Letter from Arthur J. Walker to Francis Crick, Leslie Barnett, Sydney Brenner, and R. J. Watts-Tobin
In this letter to the Medical Research Council Unit for Molecular Biology at the Cavendish Laboratory at Cambridge University,
a layman offers views on the social implications of biochemical genetic research.
1962-02-01 (February 1, 1962)
Walker, Arthur J.
Watts-Tobin, R. J.
Courtesy of Marshall W. Nirenberg.
Public Reactions to the Genetic Code, 1961-1968
Letter from Francis Crick to Arthur J. Walker (February 2, 1962)
Letter from Arthur J. Walker to Marshall W. Nirenberg and J. Heinrich Matthaei (May 3, 1962)
The Medical Research Council's Unit for Molecular Biology -- Cavendish Laboratory, Cambridge University
May I submit a few comments, with all due respect from a layman, in reference to your work on biochemical genetics that has
been given recent publicity. Since reading some two years ago of the 1959 Nobel Prize award to Doctors Ochoa and Kornberg
in the United States for their achievements in this field, it has seemed to me that such research has far greater potential
and import toward human benefit and betterment than anything else that is now being attempted or being done.
Many are the possibilities, most of which have no doubt occurred to you. First, perhaps, a better knowledge of real fundamentals
underlying human nature. Some control, even, of such human characteristics that are obviously at the root of so much distress
in this world -- of war , poverty, family dissension, et al.. From this might follow two main concepts of approach pertinent
to the present need:
1. A Means Available to Man. To find out if there is some way through effect of chemical, radiation, or other means present
on earth, whereby humans could overcome certain traits of character. That is not to alter the many variations of aptitude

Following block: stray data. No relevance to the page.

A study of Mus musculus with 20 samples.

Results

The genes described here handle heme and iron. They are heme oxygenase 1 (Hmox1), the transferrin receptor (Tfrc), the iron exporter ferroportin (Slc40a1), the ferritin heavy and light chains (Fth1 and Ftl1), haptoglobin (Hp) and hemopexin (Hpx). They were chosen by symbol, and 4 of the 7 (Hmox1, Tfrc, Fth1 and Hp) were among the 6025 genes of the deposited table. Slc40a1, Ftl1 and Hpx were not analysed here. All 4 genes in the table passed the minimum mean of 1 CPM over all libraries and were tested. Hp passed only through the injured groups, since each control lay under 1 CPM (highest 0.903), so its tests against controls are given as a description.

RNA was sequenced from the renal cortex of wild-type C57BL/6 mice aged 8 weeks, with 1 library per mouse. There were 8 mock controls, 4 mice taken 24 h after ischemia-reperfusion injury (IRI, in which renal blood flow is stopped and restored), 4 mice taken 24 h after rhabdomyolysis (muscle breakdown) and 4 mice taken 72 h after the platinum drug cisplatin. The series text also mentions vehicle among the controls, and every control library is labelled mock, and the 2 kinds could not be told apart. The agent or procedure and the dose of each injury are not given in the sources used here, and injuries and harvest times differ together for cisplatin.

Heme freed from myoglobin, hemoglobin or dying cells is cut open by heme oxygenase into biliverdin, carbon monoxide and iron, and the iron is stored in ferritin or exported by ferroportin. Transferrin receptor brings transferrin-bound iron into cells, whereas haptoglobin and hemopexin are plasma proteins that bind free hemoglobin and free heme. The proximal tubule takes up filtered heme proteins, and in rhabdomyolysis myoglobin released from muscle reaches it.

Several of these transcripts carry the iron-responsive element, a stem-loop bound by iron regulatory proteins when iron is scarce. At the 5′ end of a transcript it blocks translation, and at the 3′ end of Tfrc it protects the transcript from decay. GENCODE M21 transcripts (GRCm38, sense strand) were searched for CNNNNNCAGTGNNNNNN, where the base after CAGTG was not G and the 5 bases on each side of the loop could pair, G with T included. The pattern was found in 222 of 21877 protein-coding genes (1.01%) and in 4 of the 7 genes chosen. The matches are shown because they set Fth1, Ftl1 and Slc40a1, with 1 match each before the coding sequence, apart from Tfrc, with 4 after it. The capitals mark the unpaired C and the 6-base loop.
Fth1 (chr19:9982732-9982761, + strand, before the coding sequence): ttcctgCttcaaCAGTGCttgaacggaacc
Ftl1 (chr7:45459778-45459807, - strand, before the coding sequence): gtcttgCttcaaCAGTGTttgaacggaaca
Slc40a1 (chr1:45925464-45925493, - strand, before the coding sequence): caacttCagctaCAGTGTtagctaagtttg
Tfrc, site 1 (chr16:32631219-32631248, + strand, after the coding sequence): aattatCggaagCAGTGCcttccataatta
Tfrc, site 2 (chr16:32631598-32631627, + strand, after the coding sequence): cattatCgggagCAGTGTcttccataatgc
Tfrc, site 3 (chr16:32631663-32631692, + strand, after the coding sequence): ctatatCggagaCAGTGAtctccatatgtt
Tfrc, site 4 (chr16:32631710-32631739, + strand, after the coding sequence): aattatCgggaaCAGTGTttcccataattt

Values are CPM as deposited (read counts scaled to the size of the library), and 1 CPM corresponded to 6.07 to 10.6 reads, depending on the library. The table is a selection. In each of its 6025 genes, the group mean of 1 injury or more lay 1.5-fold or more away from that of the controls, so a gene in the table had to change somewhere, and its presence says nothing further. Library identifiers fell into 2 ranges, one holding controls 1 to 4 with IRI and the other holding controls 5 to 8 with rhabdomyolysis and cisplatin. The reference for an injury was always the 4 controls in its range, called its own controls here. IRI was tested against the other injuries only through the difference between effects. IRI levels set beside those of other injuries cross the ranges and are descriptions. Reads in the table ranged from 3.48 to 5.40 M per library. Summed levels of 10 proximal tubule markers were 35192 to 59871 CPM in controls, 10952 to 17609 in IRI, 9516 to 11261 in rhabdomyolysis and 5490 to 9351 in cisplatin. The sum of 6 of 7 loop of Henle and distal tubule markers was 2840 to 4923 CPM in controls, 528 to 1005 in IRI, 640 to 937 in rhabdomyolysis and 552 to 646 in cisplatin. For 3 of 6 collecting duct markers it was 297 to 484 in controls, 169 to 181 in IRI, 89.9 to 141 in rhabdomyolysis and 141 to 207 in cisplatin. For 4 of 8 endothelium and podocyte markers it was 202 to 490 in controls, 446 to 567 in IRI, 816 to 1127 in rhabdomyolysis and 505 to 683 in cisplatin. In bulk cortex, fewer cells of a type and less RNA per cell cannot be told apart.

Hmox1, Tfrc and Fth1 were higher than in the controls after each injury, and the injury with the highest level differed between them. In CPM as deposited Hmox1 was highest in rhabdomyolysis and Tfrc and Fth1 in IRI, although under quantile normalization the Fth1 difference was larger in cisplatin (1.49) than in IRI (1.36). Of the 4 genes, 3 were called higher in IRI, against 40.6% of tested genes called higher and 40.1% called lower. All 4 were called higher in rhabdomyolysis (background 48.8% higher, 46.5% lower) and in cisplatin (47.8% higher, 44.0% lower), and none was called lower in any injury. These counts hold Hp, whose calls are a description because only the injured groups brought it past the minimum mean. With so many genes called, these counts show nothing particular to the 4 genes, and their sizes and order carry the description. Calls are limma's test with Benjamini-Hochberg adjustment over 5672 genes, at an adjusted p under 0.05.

and type essential to an interesting and balanced society, but rather to discover a way to create in all people such a spirit
of motivation as would remedy the harm that humankind does unto itself.
In the light of past genetic knowledge wherein microscopic cell structure and related traits appear unalterably established
by predecessors, this does not seem possible. However an urgent need exists to find if such a conclusion is entirely correct.
The well-known threat of complete catastrophe now posed by knowledge of nuclear armaments makes immediate and intensive exploration
of every possible means to eliminate this threat an imperative necessity. Something, perhaps, that would so permanently alter
humans that they would first feel better - a transcendence that most all would want - and then that humans would act better.
2. A Knowledge of Externals to Man. To find out if there are factors external and beyond the control of man that affect humans,
with particular regard to the traits of character and control thereof indicated in the first concept.
To quote from an article in a prominent American magazine on tidal effects and such: "Extrinsic Rhythmicality -- It has
recently become evident that organisms -- derive information as to the geophysical rhythms from their environment. Such information
must be transmitted by highly pervasive forces hitherto ignored by biologists." Something similar, perhaps, to implications
of the pseudo-science, Astrology. Since some real scientific observation has of late found a connection in particular between
positions of planets and condition of the ionosphere, and also a relation to major earthquakes, might not some effect on genetic
arrangement and character in humans follow.
Should this be found, and further perchance that an improvement in human character could be expected thereby fairly soon,
such a knowledge would be of high potential -- particularly if no means be available for humanity to improve its own nature
as in the first concept. If discovery indicates that an ultimate salvation could be coming one might say, 'in the hands
of God', then the knowledge thereof should provide a strong antidote for the present world hopelessness. A reason to
hold the line and use every effort of apparent free-will to avoid nuclear disaster until the coming of mans' better character
-- "The Kingdom of Heaven on Earth" perhaps -- which would by itself ensure a time of permanent peace and enlightenment.
In conclusion may I wish you the utmost success in your present research. Whatever the outcome it is all a contribution in
the endless search of true knowledge. The kind that can be of real benefit to humanity.